Science reporting: 3 ways to find sources and connect with readers

Nidhi Subbaraman is a science reporter at The Wall Street Journal

Journalists don’t need a science degree to get the facts right when it comes to covering climate change, health and medicine, or new technologies. 

We asked Nidhi Subbaraman, science reporter at The Wall Street Journal, for strategies to build sources within the scientific community and approach complicated topics in ways that resonate with readers. 

What are your top three tips for reporting on complex scientific studies for a general audience to understand?

Subbaraman: First, scientists who conduct a study are almost always willing to talk on the phone with a reporter. I often ask: What inspired their research, when it hit them that they were really onto something big, how they might describe their work to a friend at a bar, how this latest work is newer or better than what came before it. Those questions quickly nail down the What’s New and Why It Matters, and places the new stuff in the context of a discovery story.  

Second, the reference list of a scientific study is essentially a roster of outside experts on this exact topic. These other scientists are usually willing to serve as outside expert comment — look to them to kick the tires on the study. They’ll point a reporter to a study’s real breakthroughs while flagging its weak spots. That reference list is a good place to find someone who can zoom out and describe the state of the field, including why this new work matters to non-scientist readers and what happened before it to get us there.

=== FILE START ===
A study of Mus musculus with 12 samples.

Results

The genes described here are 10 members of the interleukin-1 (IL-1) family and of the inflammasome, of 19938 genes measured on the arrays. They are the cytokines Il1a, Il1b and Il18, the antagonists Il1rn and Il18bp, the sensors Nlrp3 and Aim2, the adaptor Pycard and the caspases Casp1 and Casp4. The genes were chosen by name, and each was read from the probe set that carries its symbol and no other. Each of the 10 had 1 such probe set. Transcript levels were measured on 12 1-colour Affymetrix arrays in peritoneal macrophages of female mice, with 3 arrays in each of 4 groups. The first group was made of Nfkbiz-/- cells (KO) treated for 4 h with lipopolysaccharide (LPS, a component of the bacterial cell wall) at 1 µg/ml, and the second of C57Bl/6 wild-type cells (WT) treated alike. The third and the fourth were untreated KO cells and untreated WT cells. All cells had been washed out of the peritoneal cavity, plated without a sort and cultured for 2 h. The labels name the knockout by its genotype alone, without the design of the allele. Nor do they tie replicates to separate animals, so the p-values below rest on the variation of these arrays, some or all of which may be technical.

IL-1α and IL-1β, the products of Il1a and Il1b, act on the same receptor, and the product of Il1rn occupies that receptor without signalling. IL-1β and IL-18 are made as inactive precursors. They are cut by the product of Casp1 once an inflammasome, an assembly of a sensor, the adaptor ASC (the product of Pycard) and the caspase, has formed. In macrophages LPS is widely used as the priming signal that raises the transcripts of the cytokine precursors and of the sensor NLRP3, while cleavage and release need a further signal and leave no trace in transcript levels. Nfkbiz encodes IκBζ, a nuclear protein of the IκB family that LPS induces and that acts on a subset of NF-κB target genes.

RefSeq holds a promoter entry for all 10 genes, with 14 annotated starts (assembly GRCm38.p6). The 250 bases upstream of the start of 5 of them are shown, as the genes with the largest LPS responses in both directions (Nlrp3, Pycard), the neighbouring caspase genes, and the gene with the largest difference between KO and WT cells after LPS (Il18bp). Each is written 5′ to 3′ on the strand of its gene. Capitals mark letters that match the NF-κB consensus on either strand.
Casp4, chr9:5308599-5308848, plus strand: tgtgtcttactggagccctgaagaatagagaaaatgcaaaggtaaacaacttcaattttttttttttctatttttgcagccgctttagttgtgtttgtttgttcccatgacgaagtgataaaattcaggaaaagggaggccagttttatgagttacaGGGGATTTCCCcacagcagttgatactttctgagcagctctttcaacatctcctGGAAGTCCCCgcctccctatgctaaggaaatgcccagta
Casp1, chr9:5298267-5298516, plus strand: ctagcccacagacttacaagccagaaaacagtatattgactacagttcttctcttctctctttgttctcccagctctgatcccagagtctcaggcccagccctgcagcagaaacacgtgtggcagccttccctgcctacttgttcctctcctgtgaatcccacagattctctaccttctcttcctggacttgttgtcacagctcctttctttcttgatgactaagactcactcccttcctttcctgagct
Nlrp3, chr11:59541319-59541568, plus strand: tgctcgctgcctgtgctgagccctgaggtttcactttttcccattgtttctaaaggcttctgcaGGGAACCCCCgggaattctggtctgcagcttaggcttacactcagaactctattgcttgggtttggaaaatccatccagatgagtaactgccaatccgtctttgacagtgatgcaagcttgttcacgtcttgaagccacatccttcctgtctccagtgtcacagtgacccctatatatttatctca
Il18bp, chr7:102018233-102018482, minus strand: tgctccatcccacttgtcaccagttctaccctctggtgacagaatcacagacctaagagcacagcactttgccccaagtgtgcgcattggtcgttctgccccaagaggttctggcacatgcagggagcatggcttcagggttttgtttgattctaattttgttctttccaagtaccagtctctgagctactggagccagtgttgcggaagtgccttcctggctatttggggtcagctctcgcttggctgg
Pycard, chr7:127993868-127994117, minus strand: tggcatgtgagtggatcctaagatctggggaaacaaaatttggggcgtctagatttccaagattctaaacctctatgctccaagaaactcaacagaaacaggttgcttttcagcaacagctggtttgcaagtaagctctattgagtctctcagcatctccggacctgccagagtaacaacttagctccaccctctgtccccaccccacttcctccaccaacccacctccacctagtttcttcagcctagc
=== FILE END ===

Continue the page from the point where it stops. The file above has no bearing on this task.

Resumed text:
Third, scientific conferences are a great place to meet researchers just before they’ve presented their latest work. New results are often shared at these talks before they’re published in a journal, so it’s a chance to jump the competition. They’re also great events to very quickly immerse yourself in a field and get to know the scientists leading it.

What’s your approach to covering big, overarching topics like climate change in new ways that connect with readers?

Subbaraman: Climate change is often described as a future problem, but the reality is that … many communities have already changed [in] a warming world. The stories that have brought climate change into sharpest focus for me are those that have zoomed in on such places and told the stories of people navigating this change now. 

In your opinion, what are the climate stories that are not getting enough attention right now?

Subbaraman: Scientists are beginning to define the scope of the health toll that a hotter, dryer, wetter, more fiery world will exact. I think there will be room for more reporting on this soon. 

If you have editing, writing, or reporting advice you’d like to share and be featured in our newsletter, The Latest, email Holly Butcher Grant at [email protected].